The Register's Annual Great Bike Ride Across Iowa was this past week. You may know it as RAGBRAI, the "beer on wheels" event that takes place every July. The route changes every year, with both big and small towns vying to be on the west to east path. It sounds very simple, like its a bunch of bike geeks who get together just to say that they rode their bikes all the way across Iowa. Well, it's much different than that. It's over 10,000 bikes geeks who take a full week off of work to dip their rear tire in the Missouri River to start, and then ride some 475 miles to dip their front tire in the mighty Mississippi River. 10,000 is the "official" number kicked around, but if you include all of the people who "renegade" the event, I would put the number around 20-25,000. No joke. Oh, and there's a few beers and thousands of pounds of fried food and sweets along the way.
RAGBRAI XXXV started in Rock Rapids, IA and ended in Bellevue, IA. The main stops in between were Spencer, Humboldt, Hampton, Cedar Falls, Independence and Dyersville. The atmosphere in these towns (and all the towns you pass through in between) have a County Fair-like feel to them. Bands, food stands, pie and pastries, hippies selling veggie burritos (yeah brah!!) and fruit smoothies, even young girls clad in sashes that read "Pork Queen 2007", yes, this is Iowa, and small town Iowa at that. When it's all in good fun, you say "congratulations" and keep going.
The rock star of this years Ride was the ever-present Lance Armstrong. Last year Lance did two stages to see what this Ride was all about and to raise money for The Lance Armstrong Foundation. I'm sure the training regimen is a bit different for RAGBRAI than the Tour de France. Instead of ride, ride, ride, you have to ride, drink beer, eat pie, eat tenderloins, ride, drink beer, ride. Lance says he will ride it again (he did two stages last year) after riding from Rock Rapids to Cedar Falls, before hopping on a plane to Paris. Don't expect to ride next to him, though. He rides unbelievably fast on a one-speed bike and is surrounded by an entourage to keep people from trying to sniff his bike seat. Uh...
RAGBRAI for this author was an abbreviated one. Unfortunately I could not take off the whole week, so I was only able to ride the last two stages: Independence to Dyersville, and then Dyersville to Bellevue. Our riding started at 6am each day to beat the heat and more importantly, the crowds. Even at 5:45 while we aired up our bikes, there was an endless line of bikes into the distance. Even as an avid cyclist, you sometimes question the sanity of it all!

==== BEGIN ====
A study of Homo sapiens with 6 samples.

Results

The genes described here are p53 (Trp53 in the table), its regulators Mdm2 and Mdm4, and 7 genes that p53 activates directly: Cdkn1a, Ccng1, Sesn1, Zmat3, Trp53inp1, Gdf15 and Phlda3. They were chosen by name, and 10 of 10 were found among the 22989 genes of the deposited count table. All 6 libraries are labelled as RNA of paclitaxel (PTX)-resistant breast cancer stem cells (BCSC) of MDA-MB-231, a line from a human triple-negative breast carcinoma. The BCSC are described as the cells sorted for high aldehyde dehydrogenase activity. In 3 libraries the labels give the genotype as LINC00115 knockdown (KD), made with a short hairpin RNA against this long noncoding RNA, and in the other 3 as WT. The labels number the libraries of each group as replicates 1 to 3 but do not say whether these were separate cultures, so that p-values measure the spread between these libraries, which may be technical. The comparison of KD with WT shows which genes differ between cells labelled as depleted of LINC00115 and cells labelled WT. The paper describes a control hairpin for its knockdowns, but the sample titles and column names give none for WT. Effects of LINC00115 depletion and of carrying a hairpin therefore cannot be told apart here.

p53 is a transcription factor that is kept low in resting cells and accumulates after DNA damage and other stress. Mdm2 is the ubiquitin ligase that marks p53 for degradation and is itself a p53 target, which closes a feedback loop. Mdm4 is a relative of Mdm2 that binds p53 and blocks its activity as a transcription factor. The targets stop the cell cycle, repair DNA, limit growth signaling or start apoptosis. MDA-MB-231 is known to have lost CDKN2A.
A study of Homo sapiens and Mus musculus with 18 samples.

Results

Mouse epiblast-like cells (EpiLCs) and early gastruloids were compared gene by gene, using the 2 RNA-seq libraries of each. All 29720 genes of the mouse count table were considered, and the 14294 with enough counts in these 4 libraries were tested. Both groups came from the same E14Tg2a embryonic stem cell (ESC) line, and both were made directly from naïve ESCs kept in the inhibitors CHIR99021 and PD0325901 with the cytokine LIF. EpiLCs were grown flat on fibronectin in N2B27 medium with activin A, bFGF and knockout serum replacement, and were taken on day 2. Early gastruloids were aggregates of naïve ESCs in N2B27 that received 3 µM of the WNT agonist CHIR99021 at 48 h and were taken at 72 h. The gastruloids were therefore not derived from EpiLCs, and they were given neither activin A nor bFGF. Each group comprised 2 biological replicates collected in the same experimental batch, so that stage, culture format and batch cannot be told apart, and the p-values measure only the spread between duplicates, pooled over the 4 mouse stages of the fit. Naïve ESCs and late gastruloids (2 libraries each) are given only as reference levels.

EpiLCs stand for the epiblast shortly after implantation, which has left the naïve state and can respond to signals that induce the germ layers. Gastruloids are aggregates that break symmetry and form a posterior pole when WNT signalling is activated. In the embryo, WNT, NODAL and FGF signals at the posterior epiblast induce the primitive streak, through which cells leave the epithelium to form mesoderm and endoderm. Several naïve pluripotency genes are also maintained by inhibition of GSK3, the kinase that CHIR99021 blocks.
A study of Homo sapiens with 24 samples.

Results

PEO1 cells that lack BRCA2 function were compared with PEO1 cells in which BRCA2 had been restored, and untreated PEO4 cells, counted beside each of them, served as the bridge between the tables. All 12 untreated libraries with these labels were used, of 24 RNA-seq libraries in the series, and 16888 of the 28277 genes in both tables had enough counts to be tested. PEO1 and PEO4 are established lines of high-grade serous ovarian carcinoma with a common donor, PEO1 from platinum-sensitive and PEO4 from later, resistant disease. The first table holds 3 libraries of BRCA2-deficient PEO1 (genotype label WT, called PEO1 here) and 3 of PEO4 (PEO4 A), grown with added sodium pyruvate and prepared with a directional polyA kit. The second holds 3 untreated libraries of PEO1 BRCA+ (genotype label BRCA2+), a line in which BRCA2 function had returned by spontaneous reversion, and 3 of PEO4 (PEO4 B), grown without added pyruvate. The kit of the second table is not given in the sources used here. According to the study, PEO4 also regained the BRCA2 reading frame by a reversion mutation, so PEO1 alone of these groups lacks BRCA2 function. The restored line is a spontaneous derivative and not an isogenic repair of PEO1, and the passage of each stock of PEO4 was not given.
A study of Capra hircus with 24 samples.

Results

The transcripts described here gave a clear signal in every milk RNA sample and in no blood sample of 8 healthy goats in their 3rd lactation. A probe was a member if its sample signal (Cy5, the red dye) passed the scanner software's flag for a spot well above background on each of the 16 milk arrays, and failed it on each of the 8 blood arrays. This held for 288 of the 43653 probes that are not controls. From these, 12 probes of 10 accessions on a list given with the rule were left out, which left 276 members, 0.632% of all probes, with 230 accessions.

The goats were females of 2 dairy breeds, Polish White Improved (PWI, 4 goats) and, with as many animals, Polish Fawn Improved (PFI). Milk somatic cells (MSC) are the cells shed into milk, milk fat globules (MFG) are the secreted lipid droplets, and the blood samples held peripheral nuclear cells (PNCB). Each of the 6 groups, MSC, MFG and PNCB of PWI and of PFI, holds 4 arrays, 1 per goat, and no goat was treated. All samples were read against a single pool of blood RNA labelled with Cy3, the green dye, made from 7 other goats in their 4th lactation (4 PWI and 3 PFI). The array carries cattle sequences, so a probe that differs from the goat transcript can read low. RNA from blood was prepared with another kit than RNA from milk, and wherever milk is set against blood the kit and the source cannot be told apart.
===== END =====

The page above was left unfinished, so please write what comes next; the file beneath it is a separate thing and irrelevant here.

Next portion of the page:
As the event is named, it is a Ride, not a race. Going into this ride with two uncles who were doing the whole thing, I foresaw two easy days of lollygagging and putting along, bagging some rays and taking it easy. It appeared that I underestimated my uncles' intensity and fitness levels, as well as their brisk pace. The first day saw us ride (by my bike computer) 76.9 miles of basically flat terrain on a sunny and warm day. It was pretty nice except for at the start of the ride when I realized that I left my cycling shoes in Davenport. Facing a decision of doing it in tennis shoes versus spending $175 on new shoes and pedals, I opted for the former. It doesn't seem like a big deal, but going from clip-in hard soled bike shoes to soft running shoes is like being used to hitting with an aluminum bat and then being forced to use a wooden one. Sure, it can be done either way, but the first is a lot easier and is what you are used to. Such is life.
The second day we rode 55.8 miles of very hilly terrain on a day that bordered on hot. As if that weren't enough, at least 50% of this ride was either into a headwind or a strong crosswind. And since I was the "young guy with fresh legs", my job was to ride out in front and block all of the wind for my two uncles. Needless to say, this was a bit of a long day. One highlight came as we descended into the town of Bellevue down the biggest hill I have ever seen. My computer said I was going over 46mph. Going that fast on an aluminum frame with tires that are about 3/4" of an inch wide is exciting to say the least. We stopped a few times to rest. Once was in the town of LaMotte, the other was just out in the middle of nowhere on a farmer's property who was giving out free Gatorade and water and had massive shade trees to sit under. You see a lot of this on RAGBRAI. Not everyone gives away stuff for free, but many do. The entire route has people along the way, cheering you on, thanking you for coming to their town, offering you a place to pitch your tent, even to take a hot shower in their own homes. That was perhaps my favorite part of the whole thing: the people. It really makes you appreciate the people of Iowa and the Midwest. It's so nice to see genuine kindness and enthusiasm. (Those were two of the sappiest sentences I've ever written)
If anyone has ever thought about trying RAGBRAI, I would highly recommend it. Bring along plenty of sunscreen and be ready to enjoy yourself and all of the crazy people that do it. I know I will again. Now, if you'll excuse me, I have to get back upstairs to continue icing my butt, if I'm able to walk up the stairs, that is. Here is a picture of the current state of my ass.